AUSTIN, Texas — As new hospitality cleaning protocols are being released worldwide on a daily basis, hotel-operations platform Optii Solutions, has worked with hotel partners to calculate the cost of implementing the new cleaning requirements.
Initial analysis shows hotels will need to budget around US$130,000 for a 250-room hotel, running at around 60-per-cent occupancy. However, measures such as cutting out stayover cleans or charging extra for additional ancillary services could be introduced to raise upwards of $110,000 in the same scenario, thereby largely offsetting these additional costs.
The industry expectation is that it will be the leisure sector that revives first, a long time before the business-travel sector is expected to re-emerge. Before the pandemic, a standard leisure room took an average of 39.3 minutes to clean and cost $9.42 in terms of staff time. Optii technology predicts incorporating the new cleaning protocols will push the cleaning time for a standard leisure room up to 42.3 minutes to clean at a cost of $10.12.
Optii proprietary data collected across a wide range of hotel types shows leisure rooms inherently take longer to clean than business-traveller rooms, so this shift in market segmentation will immediately drive up cleaning costs. Added to this will be additional cleaning measures needed to ensure sanitization of the rooms. The overall payroll cost of the additional cleaning time alone will be approximately $62,000 and will also require hotels to add at least one additional full-time housekeeper to cope with the increased demands and additional cleaning needed in the public areas of the hotel. More staff will be needed on top of this if specialist cleaning equipment is deployed.
Hotels are also carefully considering the supply of in-room amenities such as irons, hairdryers and additional pillows, and most will now mandate that these items will only be supplied to guests who request them from the front desk. This will put further pressure on service staff and will require additional staff to be hired to fulfill requests efficiently. As such, the company anticipates hotels will also need to hire at least one full-time service-team member to fulfil the additional service requirements. In total, the additional two staff combined with the added cleaning payroll will cost hotels, on average, around US$132,000 per hotel, per annum.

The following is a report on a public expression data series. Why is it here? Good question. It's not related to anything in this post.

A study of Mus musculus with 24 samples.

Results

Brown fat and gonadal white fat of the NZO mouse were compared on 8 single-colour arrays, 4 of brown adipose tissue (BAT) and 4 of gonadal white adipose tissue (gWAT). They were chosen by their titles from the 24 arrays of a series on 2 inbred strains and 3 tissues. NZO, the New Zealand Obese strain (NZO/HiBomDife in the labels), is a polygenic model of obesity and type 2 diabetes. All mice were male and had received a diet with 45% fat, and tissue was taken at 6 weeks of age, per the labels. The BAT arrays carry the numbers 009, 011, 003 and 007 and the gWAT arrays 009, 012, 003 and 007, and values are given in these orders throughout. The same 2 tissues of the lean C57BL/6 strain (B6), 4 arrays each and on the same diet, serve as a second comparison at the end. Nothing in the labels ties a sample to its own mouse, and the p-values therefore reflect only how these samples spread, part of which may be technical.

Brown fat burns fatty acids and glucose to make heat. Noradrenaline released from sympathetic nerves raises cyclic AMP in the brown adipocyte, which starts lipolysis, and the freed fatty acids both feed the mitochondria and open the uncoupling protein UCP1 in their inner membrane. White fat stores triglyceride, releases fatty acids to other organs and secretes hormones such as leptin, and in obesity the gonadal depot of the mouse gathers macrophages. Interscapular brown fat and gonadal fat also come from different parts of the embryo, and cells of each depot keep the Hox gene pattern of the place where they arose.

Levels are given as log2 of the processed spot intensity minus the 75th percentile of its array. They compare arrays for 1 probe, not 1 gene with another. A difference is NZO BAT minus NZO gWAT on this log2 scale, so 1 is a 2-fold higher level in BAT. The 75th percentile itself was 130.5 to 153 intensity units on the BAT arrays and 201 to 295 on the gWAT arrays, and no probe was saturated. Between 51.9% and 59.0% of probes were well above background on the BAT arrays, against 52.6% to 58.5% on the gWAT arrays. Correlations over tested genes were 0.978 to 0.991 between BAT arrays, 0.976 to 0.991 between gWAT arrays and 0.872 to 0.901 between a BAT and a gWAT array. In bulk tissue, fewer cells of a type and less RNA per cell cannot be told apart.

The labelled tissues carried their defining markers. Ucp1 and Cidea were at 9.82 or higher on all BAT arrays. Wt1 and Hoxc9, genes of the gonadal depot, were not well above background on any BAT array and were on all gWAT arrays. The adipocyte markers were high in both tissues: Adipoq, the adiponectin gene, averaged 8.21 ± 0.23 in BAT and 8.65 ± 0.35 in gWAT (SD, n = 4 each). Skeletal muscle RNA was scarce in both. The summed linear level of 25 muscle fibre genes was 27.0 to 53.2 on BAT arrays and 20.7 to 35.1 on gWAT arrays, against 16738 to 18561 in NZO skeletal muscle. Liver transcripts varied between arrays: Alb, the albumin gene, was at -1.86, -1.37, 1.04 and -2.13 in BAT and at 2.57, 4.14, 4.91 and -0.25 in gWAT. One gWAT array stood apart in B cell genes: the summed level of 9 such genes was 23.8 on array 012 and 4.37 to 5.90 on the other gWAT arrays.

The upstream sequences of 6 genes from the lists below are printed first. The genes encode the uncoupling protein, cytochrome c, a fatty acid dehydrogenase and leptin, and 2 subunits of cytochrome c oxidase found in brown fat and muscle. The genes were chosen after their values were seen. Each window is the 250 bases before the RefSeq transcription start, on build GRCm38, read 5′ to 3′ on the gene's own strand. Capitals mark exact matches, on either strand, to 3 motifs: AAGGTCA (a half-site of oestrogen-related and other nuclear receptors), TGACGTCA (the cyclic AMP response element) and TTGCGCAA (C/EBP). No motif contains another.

However, if hotels decide to implement a strategy where stayover cleans are only done every fourth night, for example, it will be possible for them to largely offset these additional costs. Minimizing the number of times that staff enter occupied rooms could well be preferable for the guest of the future too. Optil calculations show that not performing 75 per cent of stayover cleans (based on 60-per-cent occupancy of the hotel) could save around $110,730 per annum. Ancillary services, such as additional deep cleans or stayover cleans, could also be offered by hotels in the future to generate new revenue.
“Hygiene guarantees are going to be one of the key factors that will enable the hospitality market to start successfully operating again as people seek guarantees for their safety when travelling,” says Soenke Weiss, Chief Strategy Officer, Optii. “But there is no doubt that running a hotel post-pandemic is going to be more expensive in order to deliver these reassurances. Added to this, hotels are currently facing revenue battles on many fronts, including very low consumer numbers, capped occupancy rates and restrictions on banqueting revenues. In this environment, taking early action to gain a precise understanding of the budgets and best business strategy required to manage the extensive operational changes necessary will be absolutely imperative for financial survival. Smart deployment of technology to effectively manage labour will also be critical.”